10/21/91, Revised 11/2/02

Requirements for Learning

David A. Gershaw, Ph.D.

Most of us are concerned about students who fail to learn. To understand why they fail, we need to be aware of the conditions required for learning.

The first is a distinctive stimulus. Whatever has to be learned must be made to stand out for the student. Stimulus factors that increase attention intensity, contrast, movement, novelty, and repetition make a stimulus distinctive. This factor is primarily the responsibility of teachers. To make particular points stand out, vocal emphasis can be used or important terms can be written on the board. The concepts can be brought up repeatedly to help them stand out.

In textbooks, mentioning the concepts in titles or subtitles makes them very distinctive. As with my writing, important terms can be written in color, italics, boldface or all of these to make them more distinctive. If they are repeated in a summary, they are more likely to stand out. Repetition in the use of a study guide also increases distinctiveness.

Second, it is the students' responsibility to pay attention to the stimulus. This relates to the students' motivation. In turn, student motivation is related to two other factors frame of reference and set.

The students' frame of reference is determined by the students' total background experiences related to their age, race, religion, occupational interests, hobbies and so on. The frame of reference functions like a window frame. It outlines some factors, making them easier to notice. At the same time, it shuts out other factors from our view, so they are ignored. (Our view of the sexual harassment charges concerning Judge Clarence Thomas and Professor Anita Hill are influenced by our frame of reference whether we are male or female. We may react to the same stimuli differently, depending on our sexual frame of reference.)

In contrast to a life-long frame of reference, the set can change very quickly. In listening to an orchestra, you can quickly change your set to listen specifically to one set of instruments or another violins, flutes, trumpets, tubas, drums, and etceteras. At a track meet, when the starter says, "Get ready, get set...", no matter what the starter says next, the runners will go. They are set to go.

Often students fail to absorb material, if their set is not on the material they are trying to digest. Suppose a student has had a recent argument. If it has not been settled, the student's set will still be on that argument. It would be the same, if the student is busy attending to the physical attractiveness of another student. No matter how distinctive the teacher's concepts are, the student will not be aware of them.

Students need to "Be Here Now" they need to be thinking about the task at hand. If they do not have this motivation, the distinctiveness of teachers or textbooks will be ineffective.

However, even when teachers are making the stimulus distinctive, and the student is truly motivated to understand the student still might not understand what the teacher is trying to convey. What is happening?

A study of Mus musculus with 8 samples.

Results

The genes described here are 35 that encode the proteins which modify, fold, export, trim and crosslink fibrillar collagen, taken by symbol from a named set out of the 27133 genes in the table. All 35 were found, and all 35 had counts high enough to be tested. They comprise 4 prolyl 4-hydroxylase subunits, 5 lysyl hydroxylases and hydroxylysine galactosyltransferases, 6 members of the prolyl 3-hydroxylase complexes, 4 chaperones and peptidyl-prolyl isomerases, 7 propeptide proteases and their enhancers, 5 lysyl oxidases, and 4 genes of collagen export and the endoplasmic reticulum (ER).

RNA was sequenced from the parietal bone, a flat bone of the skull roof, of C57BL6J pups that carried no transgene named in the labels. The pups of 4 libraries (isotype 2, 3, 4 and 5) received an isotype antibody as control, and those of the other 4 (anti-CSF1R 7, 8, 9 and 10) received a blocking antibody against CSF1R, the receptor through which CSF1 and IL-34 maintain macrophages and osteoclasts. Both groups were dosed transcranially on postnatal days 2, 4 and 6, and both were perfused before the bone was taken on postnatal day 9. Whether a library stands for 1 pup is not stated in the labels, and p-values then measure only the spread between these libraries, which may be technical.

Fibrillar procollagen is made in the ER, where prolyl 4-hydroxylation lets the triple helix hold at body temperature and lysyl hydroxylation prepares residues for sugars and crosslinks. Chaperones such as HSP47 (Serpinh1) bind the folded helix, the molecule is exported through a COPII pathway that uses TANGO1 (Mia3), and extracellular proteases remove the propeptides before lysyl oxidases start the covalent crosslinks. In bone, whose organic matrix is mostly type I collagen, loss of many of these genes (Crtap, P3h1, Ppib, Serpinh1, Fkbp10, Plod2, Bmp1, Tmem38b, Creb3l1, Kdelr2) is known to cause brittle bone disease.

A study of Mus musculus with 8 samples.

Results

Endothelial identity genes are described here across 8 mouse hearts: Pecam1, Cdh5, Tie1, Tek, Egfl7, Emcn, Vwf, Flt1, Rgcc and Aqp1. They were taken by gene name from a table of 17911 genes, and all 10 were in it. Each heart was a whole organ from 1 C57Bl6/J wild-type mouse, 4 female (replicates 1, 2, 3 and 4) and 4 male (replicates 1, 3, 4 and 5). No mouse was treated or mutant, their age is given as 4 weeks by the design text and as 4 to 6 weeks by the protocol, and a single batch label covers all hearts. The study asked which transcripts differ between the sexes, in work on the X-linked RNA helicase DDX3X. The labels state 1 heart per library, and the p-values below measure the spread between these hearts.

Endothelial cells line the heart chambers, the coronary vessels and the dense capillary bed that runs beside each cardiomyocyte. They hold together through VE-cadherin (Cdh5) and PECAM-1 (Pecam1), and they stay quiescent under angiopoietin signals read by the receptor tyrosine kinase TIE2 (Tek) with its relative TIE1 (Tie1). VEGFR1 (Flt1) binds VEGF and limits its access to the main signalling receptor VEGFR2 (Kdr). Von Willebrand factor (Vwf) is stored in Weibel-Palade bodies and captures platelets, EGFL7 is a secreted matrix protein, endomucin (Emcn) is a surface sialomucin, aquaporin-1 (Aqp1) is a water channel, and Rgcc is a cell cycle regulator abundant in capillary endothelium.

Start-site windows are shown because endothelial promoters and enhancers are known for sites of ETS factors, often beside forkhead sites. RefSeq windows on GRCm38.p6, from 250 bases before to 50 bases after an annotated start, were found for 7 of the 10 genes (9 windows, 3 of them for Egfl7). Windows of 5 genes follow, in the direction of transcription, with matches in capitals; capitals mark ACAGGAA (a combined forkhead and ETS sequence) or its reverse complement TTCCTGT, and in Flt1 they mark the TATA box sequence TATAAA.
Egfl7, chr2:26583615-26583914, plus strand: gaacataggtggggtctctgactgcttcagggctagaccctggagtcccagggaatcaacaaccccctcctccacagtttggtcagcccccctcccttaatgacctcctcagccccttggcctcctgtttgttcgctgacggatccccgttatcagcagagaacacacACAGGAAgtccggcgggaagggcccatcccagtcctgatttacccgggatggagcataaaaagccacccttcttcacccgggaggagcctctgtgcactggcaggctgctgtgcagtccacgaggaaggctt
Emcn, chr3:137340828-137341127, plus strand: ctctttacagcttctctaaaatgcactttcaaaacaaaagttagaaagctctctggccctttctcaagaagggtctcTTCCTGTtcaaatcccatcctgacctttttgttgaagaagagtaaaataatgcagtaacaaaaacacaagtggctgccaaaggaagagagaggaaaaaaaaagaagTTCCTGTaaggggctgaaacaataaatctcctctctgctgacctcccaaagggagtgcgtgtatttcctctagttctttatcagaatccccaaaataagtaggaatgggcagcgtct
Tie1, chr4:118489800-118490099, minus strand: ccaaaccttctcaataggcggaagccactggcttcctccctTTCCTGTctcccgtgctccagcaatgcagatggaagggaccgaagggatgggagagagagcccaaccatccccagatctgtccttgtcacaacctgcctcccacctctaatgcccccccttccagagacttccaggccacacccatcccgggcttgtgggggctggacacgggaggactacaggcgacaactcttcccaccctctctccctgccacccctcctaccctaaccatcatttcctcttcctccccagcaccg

If any of the requirements for learning are missing,
learning cannot take place.

The student lacks attachments for the stimulus. These attachments usually called "mediational units" are bits of previous learning to which new concepts can be related. The best analogy is that the mediational units are "mental hooks" to which new information can be attached. As an example, suppose I draw a "zug" below. How could you define the qualities of "zuggishness"? How could you describe what has been drawn?

To describe it, you would have to use your mediational units. Some might say it looks like "an ice cream cone on its side." Others might say that it's a "semi-circle combined with a triangle." However, a jet pilot may see it as "a drag chute used to slow the landing speed of a jet plane." A lumber mill worker saw it as "a long, long log cut down its center." Personally, since a used to be a security guard, I saw the "zug" as a "flashlight beam in the dark shining only on the corner of a building." The more mediational units linked to the concept, the more likely or the better it will be understood by the learner. If the learner cannot link the concept to any mediational units, it cannot be understood.

For this reason, it helps to give a wide variety of examples for new concepts. If one example does not relate to the mediational units of students, others might relate. Likewise, the greater variety of experiences that can be offered to children, the more mediational units they will develop. In turn, these additional mediational units will aid them in learning new concepts.

Especially at the college level, some students do not do well, because they lack the mediational units for their courses. It would be helpful for them to take "remedial" courses to develop the mediational units that they need. Many students hesitate to take remedial courses, because they believe that taking these courses means that they are "stupid." Taking these remedial courses does not mean that the student is stupid, but it merely indicates that they lack the necessary "mental hooks" to understand new material.

If the stimulus does not stand out, the student is not attending or there are no "mental hooks" to relate to the stimulus learning cannot take place.